In Focus: Rashard Lawrence
Tiger D-Lineman Has Made Sure LSU Fans Will Remember His Name
Teddy Bear. Uncle Phil. Ju Ju. LSU defensive end Rashard Lawrence is a man of many names.
The four-year senior from Monroe, La., may boast an arsenal of nicknames, but Lawrence’s identity on the field and in the classroom has remained constant throughout his tenure in Baton Rouge. At 6-2, 308 pounds, Lawrence has affectionately garnered the nickname “Teddy Bear” for being one of the most respectful and humble players in all of college football.
Lawrence earned SEC Academic Honor Roll and was named a permanent team captain in both 2017 and 2018. He’s a force to be reckoned with in the trenches, but more importantly, an outstanding leader in the locker room. Along with his consistent 3.0 grade point average, Lawrence was LSU’s top tackler in 2018 with 54 stops, and topped it off with a Fiesta Bowl MVP vs. Central Florida.
“I take a lot of pride in that,” said Lawrence on his academic success. “Football can end at any time. We’re student-athletes. Being able to graduate in December and know that I have life after football is very important.”
Returning for his senior season, Lawrence knew how special this team could be. Where the Tigers stand — currently undefeated and No. 1 in the nation — is exactly why he wanted one more opportunity to wear purple and gold. It was also a sense of unfinished business that lured him back. After LSU beat Alabama on Nov. 9, Lawrence ran right to his mother and started to cry.
“My mom and I talk for hours everyday,” said Lawrence. “We cry a lot together. Both good and bad. She’s been with me through it all. I wanted to see her. She means the world to me. It’s a feeling I’ll never forget.”
“It was a feeling I wish a lot of guys I’ve played with [in the past] could have had,” Lawrence said on beating Alabama for the first time in his career. “It meant a lot for me to get that feeling off my chest, not just for me, but for a lot of people.”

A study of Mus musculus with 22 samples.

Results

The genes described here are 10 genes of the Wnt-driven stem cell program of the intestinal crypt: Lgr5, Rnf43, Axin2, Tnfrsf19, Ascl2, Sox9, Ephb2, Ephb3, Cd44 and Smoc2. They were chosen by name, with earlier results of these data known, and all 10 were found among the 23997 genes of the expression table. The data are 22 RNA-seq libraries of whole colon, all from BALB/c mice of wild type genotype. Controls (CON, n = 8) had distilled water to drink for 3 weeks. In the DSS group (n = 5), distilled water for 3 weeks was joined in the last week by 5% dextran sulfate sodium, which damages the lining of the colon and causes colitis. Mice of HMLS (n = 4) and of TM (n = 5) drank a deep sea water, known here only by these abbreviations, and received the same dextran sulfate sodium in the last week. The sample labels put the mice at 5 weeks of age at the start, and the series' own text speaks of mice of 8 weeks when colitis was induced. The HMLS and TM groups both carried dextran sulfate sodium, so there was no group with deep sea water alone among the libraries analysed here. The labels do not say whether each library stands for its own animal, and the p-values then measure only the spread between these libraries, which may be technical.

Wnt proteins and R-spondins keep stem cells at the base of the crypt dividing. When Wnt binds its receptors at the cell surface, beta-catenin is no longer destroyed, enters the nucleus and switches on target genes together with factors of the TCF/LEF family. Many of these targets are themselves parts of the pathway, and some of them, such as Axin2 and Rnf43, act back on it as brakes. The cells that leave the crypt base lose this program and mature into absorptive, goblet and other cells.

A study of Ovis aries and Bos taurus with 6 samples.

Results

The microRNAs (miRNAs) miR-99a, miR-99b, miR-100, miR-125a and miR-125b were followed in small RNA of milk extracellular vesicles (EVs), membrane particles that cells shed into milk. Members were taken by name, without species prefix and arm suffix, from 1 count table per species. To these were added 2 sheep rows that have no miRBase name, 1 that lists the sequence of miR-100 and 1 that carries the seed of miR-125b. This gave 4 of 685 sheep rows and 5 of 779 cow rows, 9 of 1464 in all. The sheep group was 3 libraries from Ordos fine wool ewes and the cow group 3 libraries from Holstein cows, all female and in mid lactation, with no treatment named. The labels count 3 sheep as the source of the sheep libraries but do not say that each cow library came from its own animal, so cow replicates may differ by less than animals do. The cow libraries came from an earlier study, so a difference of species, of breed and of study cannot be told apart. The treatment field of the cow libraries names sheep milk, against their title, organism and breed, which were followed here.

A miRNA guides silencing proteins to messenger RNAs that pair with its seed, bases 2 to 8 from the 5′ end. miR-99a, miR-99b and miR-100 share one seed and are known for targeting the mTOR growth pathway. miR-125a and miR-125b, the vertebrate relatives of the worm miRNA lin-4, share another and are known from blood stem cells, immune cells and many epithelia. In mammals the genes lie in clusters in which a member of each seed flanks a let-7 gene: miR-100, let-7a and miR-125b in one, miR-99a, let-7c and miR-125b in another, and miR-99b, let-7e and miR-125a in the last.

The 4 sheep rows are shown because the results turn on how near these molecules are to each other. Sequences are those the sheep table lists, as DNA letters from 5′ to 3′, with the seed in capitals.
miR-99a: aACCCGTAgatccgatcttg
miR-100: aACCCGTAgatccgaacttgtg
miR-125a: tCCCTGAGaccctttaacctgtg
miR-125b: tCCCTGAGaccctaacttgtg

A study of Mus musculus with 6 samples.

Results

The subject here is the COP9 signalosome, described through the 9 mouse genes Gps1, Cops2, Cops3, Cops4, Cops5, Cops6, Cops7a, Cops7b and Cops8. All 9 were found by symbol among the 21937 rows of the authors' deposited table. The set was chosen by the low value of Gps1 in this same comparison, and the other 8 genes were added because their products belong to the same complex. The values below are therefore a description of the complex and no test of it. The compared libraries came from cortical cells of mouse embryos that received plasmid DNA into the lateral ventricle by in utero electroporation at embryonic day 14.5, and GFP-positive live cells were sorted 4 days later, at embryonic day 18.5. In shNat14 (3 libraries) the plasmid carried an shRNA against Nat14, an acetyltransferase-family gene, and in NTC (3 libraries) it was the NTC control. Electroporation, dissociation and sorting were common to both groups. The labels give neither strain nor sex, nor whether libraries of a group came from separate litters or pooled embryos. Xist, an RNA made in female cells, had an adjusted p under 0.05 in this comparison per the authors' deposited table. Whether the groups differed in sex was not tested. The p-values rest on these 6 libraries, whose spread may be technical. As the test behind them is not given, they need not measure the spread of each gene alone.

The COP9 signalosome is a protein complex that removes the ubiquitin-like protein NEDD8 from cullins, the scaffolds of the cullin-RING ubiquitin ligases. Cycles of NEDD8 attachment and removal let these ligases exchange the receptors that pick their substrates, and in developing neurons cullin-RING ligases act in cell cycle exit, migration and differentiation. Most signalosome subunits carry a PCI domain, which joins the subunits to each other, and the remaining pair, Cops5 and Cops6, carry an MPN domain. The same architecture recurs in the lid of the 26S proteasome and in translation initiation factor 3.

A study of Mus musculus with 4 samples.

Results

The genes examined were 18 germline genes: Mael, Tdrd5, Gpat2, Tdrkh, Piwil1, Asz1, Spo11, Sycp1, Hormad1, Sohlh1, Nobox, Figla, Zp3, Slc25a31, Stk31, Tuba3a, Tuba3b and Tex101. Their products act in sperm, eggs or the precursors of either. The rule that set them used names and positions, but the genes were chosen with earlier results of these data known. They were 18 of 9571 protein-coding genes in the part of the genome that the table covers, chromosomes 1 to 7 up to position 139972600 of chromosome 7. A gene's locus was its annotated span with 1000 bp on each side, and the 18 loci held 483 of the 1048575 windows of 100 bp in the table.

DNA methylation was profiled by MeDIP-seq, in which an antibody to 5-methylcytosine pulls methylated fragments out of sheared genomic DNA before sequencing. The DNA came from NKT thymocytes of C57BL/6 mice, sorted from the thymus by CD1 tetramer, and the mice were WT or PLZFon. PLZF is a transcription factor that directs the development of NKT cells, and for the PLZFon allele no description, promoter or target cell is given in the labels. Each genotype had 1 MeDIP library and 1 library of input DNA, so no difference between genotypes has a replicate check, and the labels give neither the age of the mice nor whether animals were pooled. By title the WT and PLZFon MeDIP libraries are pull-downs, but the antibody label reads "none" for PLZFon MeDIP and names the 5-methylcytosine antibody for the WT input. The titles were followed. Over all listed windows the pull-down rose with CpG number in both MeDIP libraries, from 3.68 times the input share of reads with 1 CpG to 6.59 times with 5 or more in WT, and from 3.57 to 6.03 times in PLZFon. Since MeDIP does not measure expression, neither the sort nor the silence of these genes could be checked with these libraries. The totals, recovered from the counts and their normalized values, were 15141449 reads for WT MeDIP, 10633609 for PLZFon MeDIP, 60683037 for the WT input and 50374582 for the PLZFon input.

One teammate who’s also been widely recognized for his work in the classroom is senior defensive lineman Breidon Fehoko, who — since transferring from Texas Tech in 2017 — has become Lawrence’s right-hand man.
“We’re really tight,” said Fehoko of Lawrence. “He’s one of my best friends.”
That strong connection between Lawrence and Fehoko was clear at player interviews the Monday before the Arkansas game. The two exchanged laughs, friendly jabs and weren’t shy to compliment each other. When the two aren’t competing on the football field, they’re most likely playing video games with fellow defensive linemen.
“We’re big [NBA] 2K fans. Call of Duty. We’re very competitive in Madden. That’s kind of our thing,” said Lawrence. “It’s made us closer. That’s probably my biggest hobby during football season.”
Although Lawrence is quite modest and gentle off the field, he’s anything but that on a Saturday night. When Lawrence walks down Victory Hill into Tiger Stadium, he’s not Teddy Bear, he’s not Uncle Phil and he’s not Ju Ju. He’s just Rashard, the scariest of them all.
“It’s pretty different,” Lawrence said on his game day personality. “A lot of people look at me as a teddy bear off the field. Two different people. Respectable guy off the field, but on the field I do my job.”
Lawrence is a veteran in all aspects. On the field. In the classroom. He’s always doing his job. Although the defensive line is loaded with upperclassmen, Lawrence enjoys the opportunity to mentor some of the younger players like Apu Ika and Joseph Evans.
“Being a senior, you get to see younger guys develop and grow like you did when you were a freshman,” Lawrence said. “It’s definitely interesting to see [the younger players] get better as the year goes on.”
Fresh off Saturday’s win over Arkansas, the Tigers now look ahead to the regular-season finale against Texas A&M. Sitting at 11-0 overall, Saturday will hold much more significance than just finishing off an undefeated season. For Lawrence, it will be his last time playing in Death Valley.
A big reason why Lawrence came back to school was to achieve something he hadn’t done in his prior three seasons. As each game passes by, his vision from January becomes closer to coming to fruition. On Saturday night, Lawrence has a chance to walk off the Tiger Stadium turf one last time and feel like it was all worth it. And that’s incredibly powerful.